Police arrest 200 protesters in Guizhou revolt
Beijing (AsiaNews/Agencies) – Police have taken control of Wengan County, (Guizhou), arresting 200 protesters including 30 high school students. In the mainland's biggest riot this year more than 10,000 people rioted on Saturday June 28th, setting fire to government buildings and cars to vent their anger over a police cover-up of a schoolgirl's death. Protesters burnt three government buildings and at least 12 cars. It took 1,500 police to restore calm. Police beat “rioters”, young and old, making a series of arrests. One protester died and over 150 have been left seriously injured.
The riot was sparked by a police finding that a 15-year-old girl had killed herself by jumping into a river. Relatives of the girl believe she was raped and murdered and then dumped in the river. Some local sources alleged police were trying to cover up the murder as the key suspect was the son of a senior county official in Guizhou.
Protests began Saturday with a handful of students, after the girl’s uncle who had accused the police of manipulating the case, was violently beaten by police. The police had twice tried to steal the girl's corpse to conceal the evidence, but failed. The girl's parents have been keeping her body, found in the river 10 days ago, in a refrigerated coffin.
The story has been carried on various websites and blogs commenting on this latest case of corruption and violence by local authorities. One of these blogs comments: “Whose regime is this? Whose `police' are these? It is likely the uprising had the support of civilians. But the most miserable thing is that ordinary people are not armed, so they will eventually be crushed by others like ants. They will have to face machine guns, artillery or tanks, if they refuse to compromise with the authority”.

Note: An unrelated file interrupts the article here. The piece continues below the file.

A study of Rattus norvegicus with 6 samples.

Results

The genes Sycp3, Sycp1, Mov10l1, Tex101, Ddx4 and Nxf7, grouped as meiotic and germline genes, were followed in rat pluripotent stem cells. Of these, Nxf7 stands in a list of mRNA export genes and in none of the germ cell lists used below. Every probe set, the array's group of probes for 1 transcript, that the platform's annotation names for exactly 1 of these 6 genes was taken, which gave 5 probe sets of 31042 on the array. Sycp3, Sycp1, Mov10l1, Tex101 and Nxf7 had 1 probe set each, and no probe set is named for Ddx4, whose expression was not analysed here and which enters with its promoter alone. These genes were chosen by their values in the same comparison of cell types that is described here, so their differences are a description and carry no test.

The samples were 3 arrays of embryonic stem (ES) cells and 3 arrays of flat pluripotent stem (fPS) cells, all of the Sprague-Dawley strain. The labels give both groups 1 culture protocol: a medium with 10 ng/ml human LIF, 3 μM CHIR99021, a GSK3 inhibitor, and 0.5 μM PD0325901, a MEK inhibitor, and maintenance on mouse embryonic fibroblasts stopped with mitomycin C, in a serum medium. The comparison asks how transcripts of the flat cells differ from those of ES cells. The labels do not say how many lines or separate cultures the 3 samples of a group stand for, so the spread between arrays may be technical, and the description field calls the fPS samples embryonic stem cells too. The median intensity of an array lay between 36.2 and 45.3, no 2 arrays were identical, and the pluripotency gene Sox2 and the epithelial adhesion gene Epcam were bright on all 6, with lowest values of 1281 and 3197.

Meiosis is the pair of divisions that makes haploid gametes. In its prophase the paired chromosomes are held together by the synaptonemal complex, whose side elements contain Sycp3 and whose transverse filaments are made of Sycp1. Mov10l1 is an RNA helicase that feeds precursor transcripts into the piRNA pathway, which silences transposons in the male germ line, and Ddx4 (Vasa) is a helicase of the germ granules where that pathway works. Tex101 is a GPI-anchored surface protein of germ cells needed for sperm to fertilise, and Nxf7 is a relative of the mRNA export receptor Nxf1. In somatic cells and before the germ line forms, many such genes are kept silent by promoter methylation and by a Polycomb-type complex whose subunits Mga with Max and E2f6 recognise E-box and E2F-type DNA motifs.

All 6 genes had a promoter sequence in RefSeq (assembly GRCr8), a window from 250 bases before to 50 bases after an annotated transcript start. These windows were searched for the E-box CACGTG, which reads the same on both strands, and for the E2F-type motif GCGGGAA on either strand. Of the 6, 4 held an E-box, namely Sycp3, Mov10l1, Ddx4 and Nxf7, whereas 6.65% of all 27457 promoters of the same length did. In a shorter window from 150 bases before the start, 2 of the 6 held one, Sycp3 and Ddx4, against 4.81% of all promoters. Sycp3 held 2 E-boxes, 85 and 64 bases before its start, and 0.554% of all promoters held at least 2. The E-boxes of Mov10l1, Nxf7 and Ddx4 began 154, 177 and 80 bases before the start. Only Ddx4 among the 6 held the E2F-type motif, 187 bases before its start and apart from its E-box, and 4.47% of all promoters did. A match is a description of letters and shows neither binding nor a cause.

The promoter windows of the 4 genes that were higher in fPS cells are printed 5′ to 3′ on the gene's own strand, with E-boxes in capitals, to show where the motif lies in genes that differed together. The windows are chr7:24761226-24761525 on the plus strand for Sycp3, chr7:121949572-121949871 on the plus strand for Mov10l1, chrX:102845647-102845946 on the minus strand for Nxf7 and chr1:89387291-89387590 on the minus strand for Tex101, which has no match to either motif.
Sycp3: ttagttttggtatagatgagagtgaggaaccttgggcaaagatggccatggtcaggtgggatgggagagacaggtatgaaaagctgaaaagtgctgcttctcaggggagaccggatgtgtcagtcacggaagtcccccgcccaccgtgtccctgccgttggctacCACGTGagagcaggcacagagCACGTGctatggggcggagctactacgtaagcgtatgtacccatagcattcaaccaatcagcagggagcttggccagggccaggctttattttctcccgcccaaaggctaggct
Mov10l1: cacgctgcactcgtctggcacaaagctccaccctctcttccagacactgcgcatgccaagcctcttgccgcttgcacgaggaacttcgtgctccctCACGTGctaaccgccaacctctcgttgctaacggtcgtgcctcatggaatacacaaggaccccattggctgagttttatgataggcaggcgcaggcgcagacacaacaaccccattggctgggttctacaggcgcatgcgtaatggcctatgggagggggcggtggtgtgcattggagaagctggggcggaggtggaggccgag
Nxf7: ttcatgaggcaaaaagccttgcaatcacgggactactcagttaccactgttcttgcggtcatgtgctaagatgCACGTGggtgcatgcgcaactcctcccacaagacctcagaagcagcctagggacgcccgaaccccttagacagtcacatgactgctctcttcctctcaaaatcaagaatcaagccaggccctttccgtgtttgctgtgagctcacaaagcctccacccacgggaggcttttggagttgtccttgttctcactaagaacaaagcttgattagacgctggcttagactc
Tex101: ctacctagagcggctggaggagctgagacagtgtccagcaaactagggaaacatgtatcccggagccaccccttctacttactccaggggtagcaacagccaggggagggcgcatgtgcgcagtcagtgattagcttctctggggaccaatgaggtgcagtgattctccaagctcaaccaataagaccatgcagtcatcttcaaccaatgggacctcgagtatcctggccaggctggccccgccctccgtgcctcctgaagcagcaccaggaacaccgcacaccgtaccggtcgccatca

Xinhua news agency reported on the episode saying the protests were caused by people’s “dissatisfaction” with the inquiry into the girl’s death, but gave no further details.
Protests and revolts against high level corruption are frequent in China. According to data published by the Ministry for Public Security there are at least 200-300 per day. With the Olympic Games nearing, the central government fears that these cases of injustice will come to light. This is why the central government has ordered its local branches to “diffuse” all demonstrations and petitions and prevent “mass incidents”.
Even if protests have become less unified over the last year they have become increasingly violent with police no longer hesitating over the use of weapons, often shooting at the crowds of protesters.